Obstacles loom largest when you're standing at the foot of them, from the Montreal Canadiens' perspective this one must be blotting out the sun.
An alpine comparison, therefore, seems appropriate.
Studies conducted among climbers who have conquered the world's highest peaks have revealed a few common traits: they tend to prepare obsessively, visualize in heightened detail, will themselves into an advanced state of mental toughness, and refuse to have their single-minded focus broken.
Some elite climbers say they concentrate on nothing more than their next footfall – this may sound familiar to consumers of dressing room clichés.
As the poet and aphorist Michael Bassey Johnson writes, "there's no secret on how to attain a greater height, just keep climbing the ladder, don't look at the dreadful distance."
The Habs have one other thing going for them as they contemplate the peak standing before them: they have seven holdovers from the 2010 team that dug itself out of a 1-3 hole against the Washington Capitals.
"You remember the situation and you remember the feelings that you had. At no point in that series did we feel we were out of it, and the same holds true now," said captain Brian Gionta, one of the 2010 campaign vets.
The claim is not far-fetched.
While it's true the Habs have trailed for all but a handful of minutes against the New York Rangers in the Eastern Conference final, absent a game one blowout where the Blueshirts scored five times in 20:49 – including three quick power-play goals – this has been a closer series than it appears on the surface.
New York has broadly been the better team, but they needed Henrik Lundqvist to steal game two, and games three and four were nip-and-tuck, 3-2 overtime affairs.
If the Habs had been a little more effective on the power-play on Sunday – they went 1-for-8 and gave up a short-handed goal – or if Alex Galchenyuk's late third period shot had zigged instead of zagged as it danced off the goal-line after striking the iron, this is, as P.K. Subban said after the game, "a different conversation."
So what do the Habs need to do on Tuesday to avoid heartbreak?
Essentially, they must deliver what they haven't managed since the second round: an all-cylinders-firing, consistent, two-way effort.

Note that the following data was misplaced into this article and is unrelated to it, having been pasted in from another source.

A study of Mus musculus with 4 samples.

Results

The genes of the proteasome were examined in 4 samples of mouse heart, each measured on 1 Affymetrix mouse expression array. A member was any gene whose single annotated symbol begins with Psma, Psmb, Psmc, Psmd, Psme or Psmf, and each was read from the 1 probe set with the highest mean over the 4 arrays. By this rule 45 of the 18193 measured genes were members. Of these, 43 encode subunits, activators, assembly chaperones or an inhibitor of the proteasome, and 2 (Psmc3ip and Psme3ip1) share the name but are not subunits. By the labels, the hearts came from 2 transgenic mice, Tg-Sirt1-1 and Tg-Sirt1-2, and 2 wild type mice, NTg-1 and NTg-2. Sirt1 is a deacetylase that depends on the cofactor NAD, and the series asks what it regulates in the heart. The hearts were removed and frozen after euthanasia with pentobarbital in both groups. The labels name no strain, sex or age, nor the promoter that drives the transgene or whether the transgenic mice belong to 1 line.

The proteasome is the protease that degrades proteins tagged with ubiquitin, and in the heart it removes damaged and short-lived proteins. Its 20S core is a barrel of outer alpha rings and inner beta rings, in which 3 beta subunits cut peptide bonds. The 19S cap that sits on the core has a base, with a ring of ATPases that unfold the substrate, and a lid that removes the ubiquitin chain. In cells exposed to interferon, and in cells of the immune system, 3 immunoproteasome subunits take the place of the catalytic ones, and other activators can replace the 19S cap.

Here are a few ideas on getting there (spoiler alert: it's mostly the stuff the Rangers have been doing well):
Step up the transition game: Quicker counter-attacking, particularly through the neutral zone, will help them get on top of the Rangers. That means solidifying their regroups and pressing New York into mistakes not just on the forecheck but with back-pressure through centre ice. The Habs haven't been terrible at five-on-five in this series, but they could do with more aggressiveness.
Managing the Rangers' speed: Montreal's blue line has been exposed by fast teams all year long, and they have to be crisper at breakouts and moving the puck up to their forwards. From there, the forwards need to be spending more time deep in the New York end, the Rangers have looked vulnerable to the Montreal cycle game all series long. Having the last line change should create favourable match-ups for Montreal's top-six forwards.
Control the neutral zone and middle of the ice: The Habs must work harder to deny easy entries to the Rangers, and create more of their own. This sounds simple in theory, in practice it isn't. As with the breakout game, forwards need to help out the Montreal defence in bottling up the Rangers and forcing them to chip. The Habs have had success with controlled zone entries rather than chipping and chasing all the time, and seem to have a little more room to create offensively – "It's been different from the Boston series that way," Max Pacioretty said over the weekend. More of that will be needed, and clogging up the area in front of Lundqvist could help too.
Also, a few players need to get the lead out: Defenceman Alexei Emelin was absolutely brutal in games three and four, Tomas Plekanec has been a shell of his former self in this series, Thomas Vanek has lost the bulk of his even-strength playing time to Alex Galchenyuk and can have no complaints. Gionta hasn't scored a point in six games and Rene Bourque has just one over the span. Subban was better in game four, but still isn't the force of nature he was in the Bruins series. Pacioretty had no shots on goal in game four – not acceptable.
Make some adjustments on the power-play: The Habs had Andrei Markov pop down to the front of the net in game four, which is new, perhaps they might consider giving Galchenyuk and Lars Eller a lot more power-play time, Bourque and Vanek a lot less, and removing Emelin and Francis Bouillon from the equation altogether.
The laundry list of details that the Habs need to get right is long, but not insurmountable.
And the Rangers are all too aware of how thin the margin can be between a 3-1 lead and losing a series; they turned the trick in the last round against the Pittsburgh Penguins.
When New York's Martin St. Louis was asked if it's an advantage for the Rangers to have been on the business end of a 1-3 deficit, his answer was, in essence, not really.
"You understand what they're going through, how they're thinking and how they're feeling. So that's why you can't take anything lightly. You don't want to give them any hope, you know? I don't think it's an advantage, it's more of an understanding what we're up against," he said.
The Habs will have to beat Lundqvist three straight times to extend their season.
That seems like a big ask, but as the Rangers know all too well, it starts with one.